Climate change news can be hard to keep up with. And there’s been a lot of it lately. So we asked our app users to text us their biggest questions this week. We put together an exclusive Skimm with the answers. Here’s a preview:
A change in global or regional climate patterns. Global warming is essentially a symptom of climate change. It works like this: the earth gets light and heat energy from the sun. Thanks, sun. It transforms some of that energy and releases it back into the atmosphere. For that energy to be able to get out of town, it has to go through a layer of greenhouse gases. The more gases, the harder it is for that energy to escape back into space. So the energy gets trapped, and as it sits there in the atmosphere, it heats everything up.
Scientists agree humans are to blame for the rise in greenhouse gases that are warming the planet. We create carbon dioxide (a greenhouse gas) when we burn fossil fuels – things like oil, gas and coal – to produce energy for things like cars and electricity. Another main culprit: the methane (which contains carbon) released by things like gas production or livestock waste. Poooo. All of these emissions trap heat in earth’s atmosphere. More emissions = more heat. Btw, estimates show China is the biggest producer of greenhouse gas emissions (looking at you, coal). The US – which has historically contributed more to emissions – is second.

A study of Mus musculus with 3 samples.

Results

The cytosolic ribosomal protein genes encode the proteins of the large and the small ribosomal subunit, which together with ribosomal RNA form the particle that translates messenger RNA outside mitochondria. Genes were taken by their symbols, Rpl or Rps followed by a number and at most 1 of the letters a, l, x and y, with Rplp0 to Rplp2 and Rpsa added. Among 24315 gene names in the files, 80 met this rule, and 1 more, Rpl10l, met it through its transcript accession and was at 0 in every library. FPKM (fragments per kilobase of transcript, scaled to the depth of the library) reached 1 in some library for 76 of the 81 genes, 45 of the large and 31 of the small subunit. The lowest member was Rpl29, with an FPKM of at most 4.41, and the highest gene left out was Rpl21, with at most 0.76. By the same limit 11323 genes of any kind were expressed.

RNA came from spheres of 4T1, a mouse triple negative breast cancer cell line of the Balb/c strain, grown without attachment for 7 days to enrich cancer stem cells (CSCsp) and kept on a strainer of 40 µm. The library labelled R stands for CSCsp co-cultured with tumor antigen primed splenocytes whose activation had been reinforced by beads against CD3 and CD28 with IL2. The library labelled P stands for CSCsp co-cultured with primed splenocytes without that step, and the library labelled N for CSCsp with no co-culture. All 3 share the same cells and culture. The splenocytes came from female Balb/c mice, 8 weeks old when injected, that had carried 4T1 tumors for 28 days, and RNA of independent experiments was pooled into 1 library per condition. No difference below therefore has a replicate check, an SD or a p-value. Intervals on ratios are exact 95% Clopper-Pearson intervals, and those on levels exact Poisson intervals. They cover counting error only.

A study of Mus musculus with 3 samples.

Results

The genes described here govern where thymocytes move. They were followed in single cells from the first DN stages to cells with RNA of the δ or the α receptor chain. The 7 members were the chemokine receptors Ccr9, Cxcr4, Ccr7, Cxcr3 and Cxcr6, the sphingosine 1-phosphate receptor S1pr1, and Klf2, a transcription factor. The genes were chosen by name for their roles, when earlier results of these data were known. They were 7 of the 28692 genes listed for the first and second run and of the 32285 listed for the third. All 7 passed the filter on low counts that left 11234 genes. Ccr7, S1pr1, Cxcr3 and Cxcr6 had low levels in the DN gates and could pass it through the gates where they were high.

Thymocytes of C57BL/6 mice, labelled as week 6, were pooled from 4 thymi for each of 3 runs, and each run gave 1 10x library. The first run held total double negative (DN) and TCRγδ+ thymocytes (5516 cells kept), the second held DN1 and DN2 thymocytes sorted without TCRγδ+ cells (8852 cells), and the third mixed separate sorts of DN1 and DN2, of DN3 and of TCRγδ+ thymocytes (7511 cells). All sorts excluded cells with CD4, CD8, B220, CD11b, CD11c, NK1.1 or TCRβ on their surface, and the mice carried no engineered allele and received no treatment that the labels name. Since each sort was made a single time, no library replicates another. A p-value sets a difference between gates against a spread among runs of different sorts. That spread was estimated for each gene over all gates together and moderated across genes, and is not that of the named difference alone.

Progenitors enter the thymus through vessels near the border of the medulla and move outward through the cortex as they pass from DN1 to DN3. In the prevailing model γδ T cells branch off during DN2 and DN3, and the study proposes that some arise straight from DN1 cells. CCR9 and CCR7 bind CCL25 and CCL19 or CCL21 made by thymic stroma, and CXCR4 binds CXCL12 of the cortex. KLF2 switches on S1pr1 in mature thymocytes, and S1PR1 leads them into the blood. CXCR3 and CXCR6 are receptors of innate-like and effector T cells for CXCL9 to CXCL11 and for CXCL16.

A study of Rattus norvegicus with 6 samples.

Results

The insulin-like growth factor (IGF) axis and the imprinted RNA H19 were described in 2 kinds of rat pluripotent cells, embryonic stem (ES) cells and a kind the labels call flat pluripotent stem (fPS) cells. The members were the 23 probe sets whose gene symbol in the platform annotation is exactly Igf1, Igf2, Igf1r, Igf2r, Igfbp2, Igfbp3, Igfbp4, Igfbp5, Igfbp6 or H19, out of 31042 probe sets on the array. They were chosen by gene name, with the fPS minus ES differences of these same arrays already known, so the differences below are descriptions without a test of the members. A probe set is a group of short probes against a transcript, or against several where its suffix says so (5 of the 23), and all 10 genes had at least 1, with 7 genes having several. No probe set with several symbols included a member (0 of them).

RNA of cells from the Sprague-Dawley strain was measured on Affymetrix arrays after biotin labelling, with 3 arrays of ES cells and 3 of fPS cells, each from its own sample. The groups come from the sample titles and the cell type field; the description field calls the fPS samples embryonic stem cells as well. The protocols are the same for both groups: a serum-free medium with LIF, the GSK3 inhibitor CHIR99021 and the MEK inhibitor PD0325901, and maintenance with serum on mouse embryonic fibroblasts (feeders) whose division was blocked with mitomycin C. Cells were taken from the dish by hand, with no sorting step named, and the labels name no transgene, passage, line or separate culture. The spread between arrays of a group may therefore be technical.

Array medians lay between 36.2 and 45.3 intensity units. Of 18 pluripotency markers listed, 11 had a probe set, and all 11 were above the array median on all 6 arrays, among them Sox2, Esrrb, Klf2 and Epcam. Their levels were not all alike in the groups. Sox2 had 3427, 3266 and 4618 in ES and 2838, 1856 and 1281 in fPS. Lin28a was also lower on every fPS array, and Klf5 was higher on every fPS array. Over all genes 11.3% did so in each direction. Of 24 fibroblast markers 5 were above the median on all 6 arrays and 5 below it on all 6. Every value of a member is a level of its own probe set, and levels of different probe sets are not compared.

Rising sea levels, melting ice caps, heavier rainstorms, droughts, flooding, intense heat waves, more extreme wildfires and hurricanes. See: Florence, Harvey, Irma, and Maria, just to name a few. Climate change doesn’t necessarily cause bad weather but it can make these events more devastating. It means that ocean water is warmer, which means more water vapor in the air. Which means it condenses into more clouds, and becomes more rain. The ocean’s heat also means that storms are getting very intense, very quickly. All of which adds more fuel to a storm’s fire.
In October, the UN put out a report saying that we have until 2030 to massively reduce greenhouse gas emissions or risk a severe climate crisis in our lifetimes. As in more frequent droughts and flooding, and extreme heat that could lead to things like food shortages and potentially affect hundreds of millions of people. The report was written by almost 100 international experts on climate change, looking at more than 6,000 studies.
We Skimm’d it for you last week. Catch up here.
Many areas around the world are already experiencing the severe effects of climate change. Cities, states, and countries are taking action – but climate experts say they’re not enough. Here’s how you can make an impact.
PS: Want to continue to learn more about climate change, recycling, and the earth? We got you covered.